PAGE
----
Euro-Snobs Slight American Literature

The other day, Mr. Horace Engdahl, a man who normally occupies a rather obscure outpost when it comes to public awareness, bought himself a few minutes of fame by engaging in everyone's favorite pastime: America bashing. Mr. Engdahl's statements in this regard were noteworthy only because he happens to be the top member of the committee charged with awarding the Nobel Prize for literature.

In an "exclusive" interview with the AP, Mr. Engdahl pulled no punches when it came to demeaning Americans. In his estimation, "The U.S. is too isolated, too insular. They don't translate enough and don't really participate in the big dialogue of literature. That ignorance is restraining."

This was a rather interesting comment coming from a Swede. Sweden is a lovely country, and the very nice people who live there all seem to speak beautiful English. It's also a country of only about nine million people, 87% of whom profess the same religion, speak the same language, and share the same ethnicity. Oh! Don't forget that it's surrounded on all sides by similar nations (Norway, Denmark, and Finland). I don't say any of this to insult Sweden. I just think it's worth pointing out that those who live in insular countries shouldn't throw snide stones.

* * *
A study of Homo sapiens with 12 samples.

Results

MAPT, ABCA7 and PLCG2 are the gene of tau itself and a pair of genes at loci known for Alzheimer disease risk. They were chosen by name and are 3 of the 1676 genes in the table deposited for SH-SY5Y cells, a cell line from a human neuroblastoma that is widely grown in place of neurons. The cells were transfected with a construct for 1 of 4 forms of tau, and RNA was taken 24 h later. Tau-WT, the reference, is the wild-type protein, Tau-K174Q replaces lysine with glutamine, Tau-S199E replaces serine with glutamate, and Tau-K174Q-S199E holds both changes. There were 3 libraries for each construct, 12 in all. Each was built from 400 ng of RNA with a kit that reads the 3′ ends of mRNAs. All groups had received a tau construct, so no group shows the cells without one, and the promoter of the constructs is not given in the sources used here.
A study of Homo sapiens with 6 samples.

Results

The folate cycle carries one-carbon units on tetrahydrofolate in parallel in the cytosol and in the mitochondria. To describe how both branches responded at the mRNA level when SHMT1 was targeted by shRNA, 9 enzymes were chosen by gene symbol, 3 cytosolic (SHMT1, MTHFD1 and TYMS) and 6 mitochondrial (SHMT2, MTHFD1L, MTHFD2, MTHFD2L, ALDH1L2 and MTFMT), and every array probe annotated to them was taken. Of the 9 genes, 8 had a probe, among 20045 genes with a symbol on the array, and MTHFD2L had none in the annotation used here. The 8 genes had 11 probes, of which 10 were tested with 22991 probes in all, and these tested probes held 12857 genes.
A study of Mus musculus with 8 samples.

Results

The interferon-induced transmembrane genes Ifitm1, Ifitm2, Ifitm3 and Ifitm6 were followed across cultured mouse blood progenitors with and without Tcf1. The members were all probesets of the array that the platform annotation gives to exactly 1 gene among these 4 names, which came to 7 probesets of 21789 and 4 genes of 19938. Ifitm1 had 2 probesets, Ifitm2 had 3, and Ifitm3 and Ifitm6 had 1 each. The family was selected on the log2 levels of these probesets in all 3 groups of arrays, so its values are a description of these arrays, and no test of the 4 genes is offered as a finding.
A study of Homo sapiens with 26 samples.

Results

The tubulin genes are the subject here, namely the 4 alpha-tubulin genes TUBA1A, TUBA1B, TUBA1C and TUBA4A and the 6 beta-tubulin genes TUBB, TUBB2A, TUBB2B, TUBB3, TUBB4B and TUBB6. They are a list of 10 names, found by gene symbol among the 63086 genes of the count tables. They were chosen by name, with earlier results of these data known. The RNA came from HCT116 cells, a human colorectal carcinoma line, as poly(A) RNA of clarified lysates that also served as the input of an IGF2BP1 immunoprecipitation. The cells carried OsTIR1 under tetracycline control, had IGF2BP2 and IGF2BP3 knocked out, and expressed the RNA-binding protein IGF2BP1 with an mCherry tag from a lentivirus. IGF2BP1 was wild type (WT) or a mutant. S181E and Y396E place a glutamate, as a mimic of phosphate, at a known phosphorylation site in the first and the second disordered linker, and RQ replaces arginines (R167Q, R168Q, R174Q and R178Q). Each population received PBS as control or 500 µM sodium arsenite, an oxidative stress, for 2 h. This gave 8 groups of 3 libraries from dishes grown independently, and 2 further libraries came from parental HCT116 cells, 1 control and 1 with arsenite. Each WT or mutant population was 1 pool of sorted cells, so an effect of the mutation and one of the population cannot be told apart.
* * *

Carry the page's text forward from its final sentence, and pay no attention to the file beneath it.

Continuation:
We shouldn't really be surprised at this, however. Democrats and other Americans of the liberal persuasion are desperate to throw the Republicans out of the White House so that they can curry favor with the Europeans they so much admire. I'm afraid they have a tough road to hoe -- and an Obama election may not be enough to do it. The fact is that Europeans don't like us, and they never have.

Because Mr. Engdahl started this discussion about the dislike Europeans (or, at least, Europe's intellectuals) feel for America, we should look first to Nobel Prize winners when we cast about for examples of European anti-Americanism. In the world of literature, last year's controversial winner was Doris Lessing, she of the famous "they would murder Obama" attitude. (Ironically, the only place that's almost happened, at least by tragic proxy, is in England, where a white racist shot -- but thankfully did not kill -- a black man wearing an Obama shirt.)

Lessing is only the most recent anti-American winner. Two years before her prize, the winner was Harold Pinter, a leftist amongst leftists, who has called George Bush a "mass murderer." He was preceded by Elfriede Jelinek, another European Communist who deeply hates America.

This year’s winner, Jean-Marie Gustave Le Clézio, has not (yet) ascended to the ranks of rabid America haters, but his general theme seems to be a disdain for all things Western. Work your way past the prize committee’s incomprehensible praise for him as an “explorer of a humanity beyond and below the reigning civilization,” and you can find the meat of his writing, which one reviewer explains the Third World as “a utopian antithesis to the ugliness and brutality of European society.”

And don't even get me started on the winners of the Nobel Peace Prize.